Supplements in Pregnancy and What to Look Out For
If you are like me, the first trimester and beyond is full of morning sickness including nausea and vomiting, pure exhaustion, general crankiness, and a lot of stress. This makes getting all the nutrients your pregnant body and growing baby needs very difficult. This is where a few good supplements make their appearance. Of course, if you are feeling sick, taking a handful of huge and smelly vitamins (aka horse pills) may seem next to impossible. But your baby will benefit from the much needed nutrients.
What Supplements to Take During Pregnancy
The first one to consider is a good prenatal. In general, I tend to be a fan of food-based vitamins. These are vitamins that are made from whole foods versus synthetic chemical isolates. They tend to be absorbed better and can be easier on the stomach.
There are so many prenatals available in stores today; it can be a challenge to find the right one. Some are even linked to a good cause like funding donations of vitamins to women in developing countries. Here are a few of my things to look out for:
Excessive Vitamin A: Make sure the prenatal does NOT contain too much Vitamin A. Too much can lead to birth defects or some cancers. Pregnant women should not exceed 3,000mcg per day from food and vitamins combined. Most of your Vitamin A can be consumed through your diet with animal products and dairy foods. Some prenatals can have up to 4,000mcg so do not double up on those.
Avoid Certain Herbs: Watch out for some herbs. Certain prenatals contain herbs that are not proven safe for pregnancy and cross the placenta. Here is a list of herbs to avoid during pregnancy.
Food Dyes and Parabens: Some prenatals contain food dyes or parabens. I would be wary of taking these unnatural food additives during pregnancy.
Sufficient Folic Acid: Pregnant or nursing moms need 600mcg of folic acid to help decrease risk of neural tube defects and cleft lip. It also decreases risk of anemia in mom, low birth weight, miscarriage, and preterm delivery. Most prenatals have the correct amounts, but it is definitely on the "must check" list.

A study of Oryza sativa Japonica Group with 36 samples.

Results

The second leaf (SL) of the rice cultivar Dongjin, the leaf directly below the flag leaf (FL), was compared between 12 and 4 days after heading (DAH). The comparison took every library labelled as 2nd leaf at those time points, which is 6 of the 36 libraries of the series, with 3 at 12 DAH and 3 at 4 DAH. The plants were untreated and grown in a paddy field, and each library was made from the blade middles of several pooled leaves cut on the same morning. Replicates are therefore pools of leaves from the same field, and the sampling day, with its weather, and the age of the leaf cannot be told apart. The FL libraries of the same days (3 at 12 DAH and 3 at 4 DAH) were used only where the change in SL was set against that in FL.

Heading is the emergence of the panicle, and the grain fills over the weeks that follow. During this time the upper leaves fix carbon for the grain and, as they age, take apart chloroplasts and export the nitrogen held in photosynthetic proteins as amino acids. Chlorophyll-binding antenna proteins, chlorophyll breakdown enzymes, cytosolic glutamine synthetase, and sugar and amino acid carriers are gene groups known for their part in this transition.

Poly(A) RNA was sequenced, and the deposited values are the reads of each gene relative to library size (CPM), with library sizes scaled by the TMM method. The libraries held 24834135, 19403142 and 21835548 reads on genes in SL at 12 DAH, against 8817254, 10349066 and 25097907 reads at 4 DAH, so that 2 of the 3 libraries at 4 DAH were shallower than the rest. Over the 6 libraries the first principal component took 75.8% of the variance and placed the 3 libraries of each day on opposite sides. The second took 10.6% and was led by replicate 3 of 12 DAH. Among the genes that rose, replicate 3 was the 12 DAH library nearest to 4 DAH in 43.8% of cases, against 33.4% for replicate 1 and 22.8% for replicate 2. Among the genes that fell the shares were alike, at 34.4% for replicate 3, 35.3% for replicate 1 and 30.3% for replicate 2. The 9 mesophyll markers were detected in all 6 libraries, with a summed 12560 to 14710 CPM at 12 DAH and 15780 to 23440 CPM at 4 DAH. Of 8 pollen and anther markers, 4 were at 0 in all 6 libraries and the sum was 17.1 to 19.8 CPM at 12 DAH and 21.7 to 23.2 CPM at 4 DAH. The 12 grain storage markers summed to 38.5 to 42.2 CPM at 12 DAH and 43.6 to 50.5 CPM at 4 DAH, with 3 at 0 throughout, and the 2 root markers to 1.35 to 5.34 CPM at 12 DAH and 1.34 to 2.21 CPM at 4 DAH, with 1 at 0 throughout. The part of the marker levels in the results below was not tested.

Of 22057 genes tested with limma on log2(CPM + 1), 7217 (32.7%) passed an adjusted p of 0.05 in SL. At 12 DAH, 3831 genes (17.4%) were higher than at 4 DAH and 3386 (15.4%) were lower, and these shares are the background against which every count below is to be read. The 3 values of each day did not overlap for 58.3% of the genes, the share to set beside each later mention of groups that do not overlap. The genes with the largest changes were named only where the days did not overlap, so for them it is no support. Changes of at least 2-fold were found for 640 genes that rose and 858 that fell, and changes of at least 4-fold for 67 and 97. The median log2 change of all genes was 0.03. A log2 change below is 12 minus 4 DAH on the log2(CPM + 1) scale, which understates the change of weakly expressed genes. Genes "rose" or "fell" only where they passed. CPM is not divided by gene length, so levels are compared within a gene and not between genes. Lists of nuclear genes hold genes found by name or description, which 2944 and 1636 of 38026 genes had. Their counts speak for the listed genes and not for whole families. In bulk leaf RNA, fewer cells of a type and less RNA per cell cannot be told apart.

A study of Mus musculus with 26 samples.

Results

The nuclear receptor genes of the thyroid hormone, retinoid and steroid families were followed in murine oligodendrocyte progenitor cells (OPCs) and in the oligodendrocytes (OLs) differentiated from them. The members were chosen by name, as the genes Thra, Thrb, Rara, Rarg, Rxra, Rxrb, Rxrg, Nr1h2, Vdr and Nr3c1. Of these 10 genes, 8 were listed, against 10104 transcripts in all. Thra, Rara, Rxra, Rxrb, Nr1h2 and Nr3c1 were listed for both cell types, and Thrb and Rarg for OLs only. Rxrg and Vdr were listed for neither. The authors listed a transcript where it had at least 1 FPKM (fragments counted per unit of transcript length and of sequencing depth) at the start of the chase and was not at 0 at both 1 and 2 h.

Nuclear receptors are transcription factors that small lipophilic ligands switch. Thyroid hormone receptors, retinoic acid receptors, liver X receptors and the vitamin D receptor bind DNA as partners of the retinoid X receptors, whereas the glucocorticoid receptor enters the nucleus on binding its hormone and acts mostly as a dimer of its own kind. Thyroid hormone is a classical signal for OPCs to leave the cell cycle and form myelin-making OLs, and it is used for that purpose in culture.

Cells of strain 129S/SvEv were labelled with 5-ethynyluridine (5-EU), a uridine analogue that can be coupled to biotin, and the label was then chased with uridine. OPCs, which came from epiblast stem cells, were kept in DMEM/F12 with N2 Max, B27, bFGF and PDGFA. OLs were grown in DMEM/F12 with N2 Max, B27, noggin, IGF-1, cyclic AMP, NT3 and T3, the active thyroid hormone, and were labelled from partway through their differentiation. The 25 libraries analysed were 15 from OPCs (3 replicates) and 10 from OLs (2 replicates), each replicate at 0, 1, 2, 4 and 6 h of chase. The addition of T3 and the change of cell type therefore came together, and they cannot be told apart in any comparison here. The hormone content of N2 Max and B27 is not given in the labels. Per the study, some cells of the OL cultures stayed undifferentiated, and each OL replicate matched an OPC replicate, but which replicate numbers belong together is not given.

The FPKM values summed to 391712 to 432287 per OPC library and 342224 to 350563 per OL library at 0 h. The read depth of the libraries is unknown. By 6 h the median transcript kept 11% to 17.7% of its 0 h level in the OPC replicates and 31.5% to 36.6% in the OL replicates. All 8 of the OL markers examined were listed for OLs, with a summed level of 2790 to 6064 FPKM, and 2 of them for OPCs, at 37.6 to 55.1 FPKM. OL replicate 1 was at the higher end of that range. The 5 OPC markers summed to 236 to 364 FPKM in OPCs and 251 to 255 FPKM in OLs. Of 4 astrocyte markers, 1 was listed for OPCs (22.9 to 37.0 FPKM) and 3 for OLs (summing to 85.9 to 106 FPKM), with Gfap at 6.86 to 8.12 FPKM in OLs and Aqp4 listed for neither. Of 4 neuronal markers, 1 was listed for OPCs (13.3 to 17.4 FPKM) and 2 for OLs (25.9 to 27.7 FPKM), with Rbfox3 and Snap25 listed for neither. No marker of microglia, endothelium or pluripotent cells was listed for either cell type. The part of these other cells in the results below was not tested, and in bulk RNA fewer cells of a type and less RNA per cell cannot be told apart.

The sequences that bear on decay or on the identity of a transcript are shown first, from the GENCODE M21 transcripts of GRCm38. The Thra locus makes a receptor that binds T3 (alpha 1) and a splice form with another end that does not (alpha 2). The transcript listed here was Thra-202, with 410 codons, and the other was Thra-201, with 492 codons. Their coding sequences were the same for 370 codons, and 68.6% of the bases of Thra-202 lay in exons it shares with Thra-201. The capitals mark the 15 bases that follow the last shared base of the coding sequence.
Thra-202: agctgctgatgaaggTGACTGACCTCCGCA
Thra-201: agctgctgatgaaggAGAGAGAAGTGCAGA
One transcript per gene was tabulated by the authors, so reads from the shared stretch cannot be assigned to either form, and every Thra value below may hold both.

Although I am an advocate for getting your nutrients from food, Vitamin D might be the one exception because food sources of D are sparse and absorption from sun exposure is limited in the winter. In fact if you live north of Atlanta, GA you do not make Vitamin D from sun exposure for 6 months out of the year. Food sources include fortified beverages like milk, soy milk, and orange juice, or fatty fish like salmon or sardines. Vitamin D deficiency can lead to preeclampsia or fetal bone abnormalities. Currently the Institute of Medicine recommends pregnant women take 600 IU/day, however many experts feel this is not enough and recommend closer to 2000-4000 IU/day.
Again, I recommend getting your fish oil from actually eating fish. While pregnant or breastfeeding, there are some fishy rules to follow. Some fish are not as safe to eat regularly due to large quantities of mercury-swordfish, king mackerel, tilefish, and shark. High mercury levels can damage the fetal brain and nervous system. Stick to consuming 12 ounces max of safe fish per week. (The Monterey Bay Aquarium's Super Green Seafood List includes recommendations for fish that are both environmentally sustainable and low in contaminants.)
If, for whatever reason, you are finding it difficult to eat safe fish on a regular basis, supplementing with fish oil is a must. Fish oil is loaded with healthy Omega-3 fatty acids which can help develop baby's brain, retinas, and nervous system in the womb and can speed development, help eyesight, and lower risks of certain cancers after birth. Omegas can also help us mamas by reducing risks of preterm labor and helping ward off postpartum depression.
Look for fish oil with both DHA and EPA. Make sure the supplement is actually derived from fish, not algae. I usually keep mine in the fridge to keep them fresh and this also limits their somewhat fishy smell.
Ultimately, supplements should not replace healthy foods during pregnancy, but they can be an aid to ensuring you are getting the right nutrients.